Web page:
COLOGNE, Germany — NATO officials plan to spend $1 billion on upgrades to the alliance’s fleet of AWACS reconnaissance planes, according to Secretary General Jens Stoltenberg.

“I can confirm we will sign a contract upgrading, modernizing the AWACS fleet — $1 billion,” Stoltenberg was quoted as telling reporters ahead of a meeting of NATO foreign ministers in Brussels on Wednesday.

The news comes coupled with an announcement that the first of five Global Hawk drones making up the Alliance Ground Surveillance program was en route from the United States to its future home base at Sigonella, Sicily.

“This reflects how NATO is investing in high-tech capabilities,” NATO spokeswoman Oana Lungescu wrote on Twitter.

The Boeing-made AWACS planes, introduced in 1982, are slated to remain in service until 2035. Their job is to detect enemy missiles and aircraft threatening NATO airspace. Alliance pilots have flown the aircraft to support missions against the Islamic State group and to secure the eastern flank in the wake of Russia’s annexation of Crimea in 2014.

NATO’s website bills the AWACS enterprise as the “largest collaborative venture” and one of the few military assets owned and operated by the alliance.

The fleet of AGS drones is based on the Northrop Grumman-made Block 40 Global Hawk of the U.S. Air Force. The primary job of the UAVs will be ground and maritime surveillance for commanders and deployed forces.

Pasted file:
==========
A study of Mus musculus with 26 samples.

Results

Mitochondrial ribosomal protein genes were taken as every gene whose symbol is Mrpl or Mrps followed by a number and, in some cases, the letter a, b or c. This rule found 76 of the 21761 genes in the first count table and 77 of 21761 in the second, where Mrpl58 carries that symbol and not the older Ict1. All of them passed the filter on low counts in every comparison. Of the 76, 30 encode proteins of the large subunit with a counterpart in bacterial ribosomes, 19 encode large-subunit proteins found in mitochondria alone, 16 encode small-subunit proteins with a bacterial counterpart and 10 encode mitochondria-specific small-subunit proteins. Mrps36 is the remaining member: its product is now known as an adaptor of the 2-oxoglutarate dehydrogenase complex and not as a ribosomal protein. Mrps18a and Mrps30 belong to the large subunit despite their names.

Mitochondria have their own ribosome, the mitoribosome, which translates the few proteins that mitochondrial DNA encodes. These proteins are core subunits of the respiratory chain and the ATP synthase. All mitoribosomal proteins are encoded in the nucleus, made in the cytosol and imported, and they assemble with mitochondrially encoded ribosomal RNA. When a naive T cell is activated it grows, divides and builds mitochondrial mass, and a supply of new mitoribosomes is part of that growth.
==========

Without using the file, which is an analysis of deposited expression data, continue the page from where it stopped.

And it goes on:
The two announcements come as the alliance is in dire need of signs of life after French President Emmanuel Macron famously declared NATO “brain dead” in an interview with the Economist magazine some weeks ago. While experts are still debating whether the vivid assessment was constructive in nature or rather an unnecessary dig at an alliance already weakened by trans-Atlantic squabbling, there are signs that key European nations like Germany and France have plans to reanimate the pact.

German Foreign Affairs Minister Heiko Maas on Wednesday referred to the alliance as Europe’s “life insurance,” proposing a reform commission headed by Stoltenberg.

NATO members’ heads of state are slated to convene in London in early December. U.S. President Donald Trump is expected to attend the summit, determining in large part whether the alliance will be able to celebrate a revival or witness something of a funeral.

Sebastian Sprenger is associate editor for Europe at Defense News, reporting on the state of the defense market in the region, and on U.S.-Europe cooperation and multi-national investments in defense and global security. Previously he served as managing editor for Defense News. He is based in Cologne, Germany.